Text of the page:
Virtual classrooms have advantages for students can log in when they want and from where they are, reported Jennifer Stephens, director of the Center for Teaching, Learning and Assessment at American Military University.

Global security is a huge market and industry analysts expect it to grow significantly over the next decade. There is no doubt about the many career possibilities for security professionals. There is also no doubt that you will face tough competition for the best positions.

A degree – a relevant, respected degree – could mean the difference between a great or mediocre career.

So how can a working professional possibly add pursuing a degree to a schedule already packed with long, irregular hours, travel and more? Online learning is today’s best answer. The flexible, portable format is a good fit for working adults and others.

American Military University’s offerings are an example of online learning. The university serves more than 20,000 adult learners worldwide. Its security management program is one of the university’s top 10 programs.

Professors should also be mentors, contended Jeffrey Fowler, program manager for security management at American Military University.


The crux of such programs is the virtual classroom.

When a student logs in – whenever and wherever it is convenient for them -- they receive much of the same information presented in a traditional classroom, such as a course syllabus, expectations, schedules and assignments. Throughout the course, which is eight or 16 weeks long, the professor guides the community of students with weekly lecture notes and assignments. The dynamic learning process is enriched with such tools as videos, chatrooms and more. Students can link to industry-specific Web sites and participate in group projects.

A main classroom component is the course discussion board. In the security program, online discussions address a wide range of topics, including risk/vulnerability/threat assessment, aviation security, IT security and more. The online discussion helps students hone their critical thinking and analytical skills – and learn from other professionals in the classroom.

Students also have access to a variety of research and other support services. When considering such virtual classrooms, it is also important to understand the depth and availability of online libraries. For example, AMU’s online library comes complete with research librarians. Students have access to thousands of electronic books and more than 12,000 leading journals and databases as well as research tutorials. Academic department portals provide tailored links to advanced research sites and other information. Such an online tutoring center provides an expert to help students improve writing skills and offers feedback on papers and assignments.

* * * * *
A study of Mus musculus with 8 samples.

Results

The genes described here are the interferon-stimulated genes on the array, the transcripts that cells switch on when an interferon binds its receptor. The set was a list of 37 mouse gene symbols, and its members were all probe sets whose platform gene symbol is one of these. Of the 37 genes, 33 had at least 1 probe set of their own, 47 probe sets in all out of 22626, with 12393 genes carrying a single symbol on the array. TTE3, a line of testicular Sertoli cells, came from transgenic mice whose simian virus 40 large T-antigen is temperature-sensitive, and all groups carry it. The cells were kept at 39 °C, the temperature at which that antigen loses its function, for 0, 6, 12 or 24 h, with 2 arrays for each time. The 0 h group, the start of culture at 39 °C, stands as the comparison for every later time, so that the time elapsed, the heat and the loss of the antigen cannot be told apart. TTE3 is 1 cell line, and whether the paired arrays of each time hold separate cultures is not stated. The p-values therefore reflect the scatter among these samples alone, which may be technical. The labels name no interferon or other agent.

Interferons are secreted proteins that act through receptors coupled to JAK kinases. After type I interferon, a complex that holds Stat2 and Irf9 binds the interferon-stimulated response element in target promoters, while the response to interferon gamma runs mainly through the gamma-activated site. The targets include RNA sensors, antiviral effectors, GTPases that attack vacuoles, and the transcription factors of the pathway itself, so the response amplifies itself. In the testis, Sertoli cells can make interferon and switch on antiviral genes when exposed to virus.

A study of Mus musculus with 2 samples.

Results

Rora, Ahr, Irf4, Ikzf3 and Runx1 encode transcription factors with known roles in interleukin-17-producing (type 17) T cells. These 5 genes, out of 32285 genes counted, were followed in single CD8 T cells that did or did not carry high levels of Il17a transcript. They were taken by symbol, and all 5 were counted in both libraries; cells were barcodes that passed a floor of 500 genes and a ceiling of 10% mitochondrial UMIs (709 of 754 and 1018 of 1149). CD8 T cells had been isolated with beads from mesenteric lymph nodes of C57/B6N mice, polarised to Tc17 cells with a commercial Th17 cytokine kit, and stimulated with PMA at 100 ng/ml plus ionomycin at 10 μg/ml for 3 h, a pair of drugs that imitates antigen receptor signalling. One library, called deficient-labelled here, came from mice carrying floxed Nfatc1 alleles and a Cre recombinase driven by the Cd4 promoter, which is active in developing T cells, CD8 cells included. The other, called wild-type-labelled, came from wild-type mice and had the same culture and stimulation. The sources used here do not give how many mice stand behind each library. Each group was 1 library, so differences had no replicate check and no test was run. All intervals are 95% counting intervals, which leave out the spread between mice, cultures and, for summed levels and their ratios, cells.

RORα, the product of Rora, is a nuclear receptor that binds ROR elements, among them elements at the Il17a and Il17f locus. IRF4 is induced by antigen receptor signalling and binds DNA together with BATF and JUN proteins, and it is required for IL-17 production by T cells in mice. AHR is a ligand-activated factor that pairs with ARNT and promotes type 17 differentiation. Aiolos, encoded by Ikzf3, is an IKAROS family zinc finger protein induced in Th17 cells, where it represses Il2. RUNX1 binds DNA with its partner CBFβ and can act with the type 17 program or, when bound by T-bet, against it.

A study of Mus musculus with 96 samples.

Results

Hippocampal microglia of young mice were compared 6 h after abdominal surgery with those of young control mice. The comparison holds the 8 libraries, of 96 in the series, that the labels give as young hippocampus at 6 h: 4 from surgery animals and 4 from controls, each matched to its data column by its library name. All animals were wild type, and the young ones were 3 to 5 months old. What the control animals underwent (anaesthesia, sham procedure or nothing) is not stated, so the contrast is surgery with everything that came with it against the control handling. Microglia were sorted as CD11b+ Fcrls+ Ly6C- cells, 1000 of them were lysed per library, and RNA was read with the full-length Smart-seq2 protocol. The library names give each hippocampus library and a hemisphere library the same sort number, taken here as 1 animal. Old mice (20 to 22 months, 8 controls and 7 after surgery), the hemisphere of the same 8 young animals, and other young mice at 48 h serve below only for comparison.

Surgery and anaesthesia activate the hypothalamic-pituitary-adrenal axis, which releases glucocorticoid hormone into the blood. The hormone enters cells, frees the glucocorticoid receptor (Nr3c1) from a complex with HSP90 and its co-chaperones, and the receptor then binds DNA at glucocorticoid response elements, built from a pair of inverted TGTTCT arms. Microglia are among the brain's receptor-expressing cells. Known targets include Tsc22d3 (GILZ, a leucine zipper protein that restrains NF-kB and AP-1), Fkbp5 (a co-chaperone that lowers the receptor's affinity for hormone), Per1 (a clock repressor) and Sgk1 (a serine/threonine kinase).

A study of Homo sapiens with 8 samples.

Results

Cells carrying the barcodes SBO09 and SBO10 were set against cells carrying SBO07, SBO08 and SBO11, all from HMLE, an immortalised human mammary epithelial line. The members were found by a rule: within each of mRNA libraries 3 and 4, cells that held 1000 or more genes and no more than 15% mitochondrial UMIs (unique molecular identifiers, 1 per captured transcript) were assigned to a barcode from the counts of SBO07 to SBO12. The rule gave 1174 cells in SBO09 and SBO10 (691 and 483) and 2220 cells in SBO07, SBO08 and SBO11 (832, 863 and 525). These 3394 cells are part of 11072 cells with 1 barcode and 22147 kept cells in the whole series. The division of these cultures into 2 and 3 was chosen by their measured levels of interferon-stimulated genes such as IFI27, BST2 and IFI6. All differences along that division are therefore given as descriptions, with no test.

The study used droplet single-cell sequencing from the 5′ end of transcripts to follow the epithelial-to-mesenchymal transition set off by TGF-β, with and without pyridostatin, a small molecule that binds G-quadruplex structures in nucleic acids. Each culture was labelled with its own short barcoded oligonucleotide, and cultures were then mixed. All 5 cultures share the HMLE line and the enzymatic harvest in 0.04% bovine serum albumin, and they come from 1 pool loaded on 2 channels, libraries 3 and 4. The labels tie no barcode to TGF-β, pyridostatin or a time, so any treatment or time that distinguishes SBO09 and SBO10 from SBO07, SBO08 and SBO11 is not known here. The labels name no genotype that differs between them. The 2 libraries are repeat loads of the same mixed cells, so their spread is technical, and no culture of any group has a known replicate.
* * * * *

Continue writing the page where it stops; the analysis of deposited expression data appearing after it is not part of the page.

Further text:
A dedicated technical support team for those who might need help downloading an assignment or accessing a discussion forum is also essential.

A student home page should provide many other resources as well, such as information regarding registration deadlines and access to important forms like credit transfers. Students should also be able to set up a personalized degree path and check their progress.


Online security programs offer other important advantages. On this campus, professors include many retired military and governmental service experts and practicing, certified professionals. They understand the harsh realities of today’s security environment. AMU’s program is also a standalone degree; not one buried in another discipline. It has been designed from the “ground up” to meet the demands of today’s security environment. Professors are often willing to serve as mentors as well, even after a student graduates. They can be lifelong “sounding boards” and offer advice on networking, career planning and more.

The security industry today requires security professionals with specific, advanced training as well as broad-based educational experience. They must be well-read, cognizant of world affairs and comfortable managing complex security operations. The right degree can go a long way toward meeting those demands and earning long-term career success.

SIDEBAR: Check Out These Security-related Degree Programs

In June, Security Magazine published the first-ever list of colleges, universities and trade schools that offer degree programs in security and related topics. Since then, the editors received response from numerous alumni suggesting their institutions be listed. What follows is an update of that June list.